Good to the last drop: Caffeine for your car?
Coffee can rev your engine. Really.
Rebecca Clontz, an environmental science graduate student at RIT, is converting coffee grounds into a biodiesel-espresso for cars.
“I want to get a bumper sticker that says, ‘I run on coffee,’” said Clontz, a native of Athens, Tenn.
Clontz and her thesis adviser, Jeff Lodge, associate professor in RIT’s Thomas H. Gosnell School of Life Sciences, are exploring the potential of turning food waste into energy on a local level. They started by asking coffee shops on the RIT campus to donate their grounds every day in August. Employees at Artesano Bakery & Café, Beanz, Java Wally’s and Midnight Oil helped Clontz collect 150 gallons of used coffee grounds during one of the slowest months on campus.
“I washed out two buckets and put a sign on it that said, ‘Coffee grounds for biofuel,’ and I showed the managers the scientific paper I was trying to emulate,” Clontz said.
Scientists from the University of Nevada, Reno, published the study that inspired Clontz’s thesis research. Lodge suggested the project after reading about the new lipid, or oil, the researchers extracted from Starbucks coffee to make biodiesel. The multitude of coffee houses across the United States adding coffee grounds to landfills caught his imagination.
“I started thinking large,” Lodge said. “What do all the Starbucks do with their grounds? And then it struck me—because my kids got me a Keurig for Christmas last year—and I started thinking, ‘Wait a minute, what about all the Keurigs?’ They’re everywhere. And where is all that going?”
Lodge spent a month cutting up the little disposable plastic containers and removing the grounds to add to Clontz’s study.
To expedite their research, Clontz and Lodge purchased a large drying oven and rotary evaporator with seed funding from a $15,000 Dean’s Research Initiative Grant from the College of Science. The grant, awarded in the fall, supports Clontz’s research this semester and provides travel money to present her findings at an energy conference.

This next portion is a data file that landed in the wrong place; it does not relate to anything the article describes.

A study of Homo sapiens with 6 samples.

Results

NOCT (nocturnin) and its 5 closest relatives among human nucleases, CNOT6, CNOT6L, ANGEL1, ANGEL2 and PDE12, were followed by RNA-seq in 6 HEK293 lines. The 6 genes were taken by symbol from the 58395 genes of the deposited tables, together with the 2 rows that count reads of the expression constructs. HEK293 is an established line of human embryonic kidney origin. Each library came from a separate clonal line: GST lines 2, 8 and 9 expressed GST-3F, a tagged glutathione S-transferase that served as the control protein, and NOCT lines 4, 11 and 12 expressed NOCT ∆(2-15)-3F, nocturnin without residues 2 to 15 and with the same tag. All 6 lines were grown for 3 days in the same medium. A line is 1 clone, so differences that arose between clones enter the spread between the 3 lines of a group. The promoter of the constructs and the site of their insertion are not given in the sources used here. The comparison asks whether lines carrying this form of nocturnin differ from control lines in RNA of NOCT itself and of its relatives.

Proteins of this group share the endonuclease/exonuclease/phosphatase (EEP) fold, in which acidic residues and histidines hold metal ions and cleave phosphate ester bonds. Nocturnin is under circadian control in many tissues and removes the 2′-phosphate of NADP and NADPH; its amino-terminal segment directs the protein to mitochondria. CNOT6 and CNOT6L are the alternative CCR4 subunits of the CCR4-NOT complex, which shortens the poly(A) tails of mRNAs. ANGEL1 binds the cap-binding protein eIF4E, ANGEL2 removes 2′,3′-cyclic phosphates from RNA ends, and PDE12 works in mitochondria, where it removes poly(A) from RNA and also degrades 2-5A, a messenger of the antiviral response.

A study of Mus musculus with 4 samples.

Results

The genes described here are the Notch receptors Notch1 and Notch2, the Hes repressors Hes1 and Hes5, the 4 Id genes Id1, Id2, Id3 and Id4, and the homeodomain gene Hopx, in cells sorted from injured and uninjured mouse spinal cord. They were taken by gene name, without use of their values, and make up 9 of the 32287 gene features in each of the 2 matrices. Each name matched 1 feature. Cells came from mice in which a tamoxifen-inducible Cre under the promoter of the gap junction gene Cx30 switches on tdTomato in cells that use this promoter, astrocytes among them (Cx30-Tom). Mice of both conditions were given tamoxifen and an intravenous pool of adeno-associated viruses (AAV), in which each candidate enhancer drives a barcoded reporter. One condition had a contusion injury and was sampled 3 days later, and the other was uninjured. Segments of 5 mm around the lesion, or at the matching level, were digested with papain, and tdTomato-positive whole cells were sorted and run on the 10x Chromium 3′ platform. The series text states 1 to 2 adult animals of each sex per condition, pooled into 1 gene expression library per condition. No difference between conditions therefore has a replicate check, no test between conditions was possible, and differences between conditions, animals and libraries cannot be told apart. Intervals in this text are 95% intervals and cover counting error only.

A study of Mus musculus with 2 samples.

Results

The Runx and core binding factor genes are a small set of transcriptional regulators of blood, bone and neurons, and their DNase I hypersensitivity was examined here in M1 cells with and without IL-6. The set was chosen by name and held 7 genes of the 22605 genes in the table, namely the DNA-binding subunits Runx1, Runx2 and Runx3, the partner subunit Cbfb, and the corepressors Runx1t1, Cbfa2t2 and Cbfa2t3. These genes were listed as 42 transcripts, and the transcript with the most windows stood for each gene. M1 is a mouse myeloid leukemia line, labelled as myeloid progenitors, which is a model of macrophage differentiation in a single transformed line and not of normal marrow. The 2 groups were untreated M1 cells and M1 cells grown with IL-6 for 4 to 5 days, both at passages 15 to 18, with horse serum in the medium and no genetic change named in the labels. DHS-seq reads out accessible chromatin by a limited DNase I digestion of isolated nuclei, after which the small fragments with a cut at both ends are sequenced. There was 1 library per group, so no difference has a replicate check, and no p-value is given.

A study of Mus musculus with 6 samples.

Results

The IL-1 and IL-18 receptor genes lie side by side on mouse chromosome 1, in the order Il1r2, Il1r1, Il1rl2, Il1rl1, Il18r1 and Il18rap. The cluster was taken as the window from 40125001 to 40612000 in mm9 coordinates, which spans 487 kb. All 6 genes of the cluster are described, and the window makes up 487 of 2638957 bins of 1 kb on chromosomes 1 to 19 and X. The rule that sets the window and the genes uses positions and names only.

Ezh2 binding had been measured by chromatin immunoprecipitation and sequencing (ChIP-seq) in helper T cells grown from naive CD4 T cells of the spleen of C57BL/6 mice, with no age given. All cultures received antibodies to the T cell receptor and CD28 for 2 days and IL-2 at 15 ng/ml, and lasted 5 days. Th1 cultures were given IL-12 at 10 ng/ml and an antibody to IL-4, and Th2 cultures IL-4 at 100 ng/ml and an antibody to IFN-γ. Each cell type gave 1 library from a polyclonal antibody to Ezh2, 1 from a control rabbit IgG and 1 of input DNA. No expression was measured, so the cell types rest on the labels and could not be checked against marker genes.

“I’m extracting the oils from the dried coffee grounds and converting that to a biofuel and extracting the glucose and converting that to ethanol,” Clontz said.
During the intersession break, Clontz and Lodge conducted a scaled-down version of the commercial method to make biodiesel from 250 milliliters of oil extracted from the campus coffee grounds.
Biodiesel produced from coffee and algae—a second energy source Clontz is exploring—is a “drop-in fuel” that won’t corrode a car’s engine, Lodge said. “It’s a cleaner burning fuel,” he said. “It’s not perfect, but it is cleaner.”
Clontz’s thesis is about sustainability and uses “anything and everything” for multiple processes, Lodge said.
“It’s carbon neutral,” Clontz added. “The carbon removed from the atmosphere in growing the coffee is the same carbon released as a fuel.”
Even the leftover coffee grounds will find another use as compost and an organic fertilizer. Clontz will grow plants in it this spring in the greenhouse attached to Gosnell Hall and compare it to fertilizer derived from algae.
“The coffee grounds are not going to a landfill and that’s a huge thing,” Clontz said. “We’re going to use everything and compost at the end. It’s exciting.”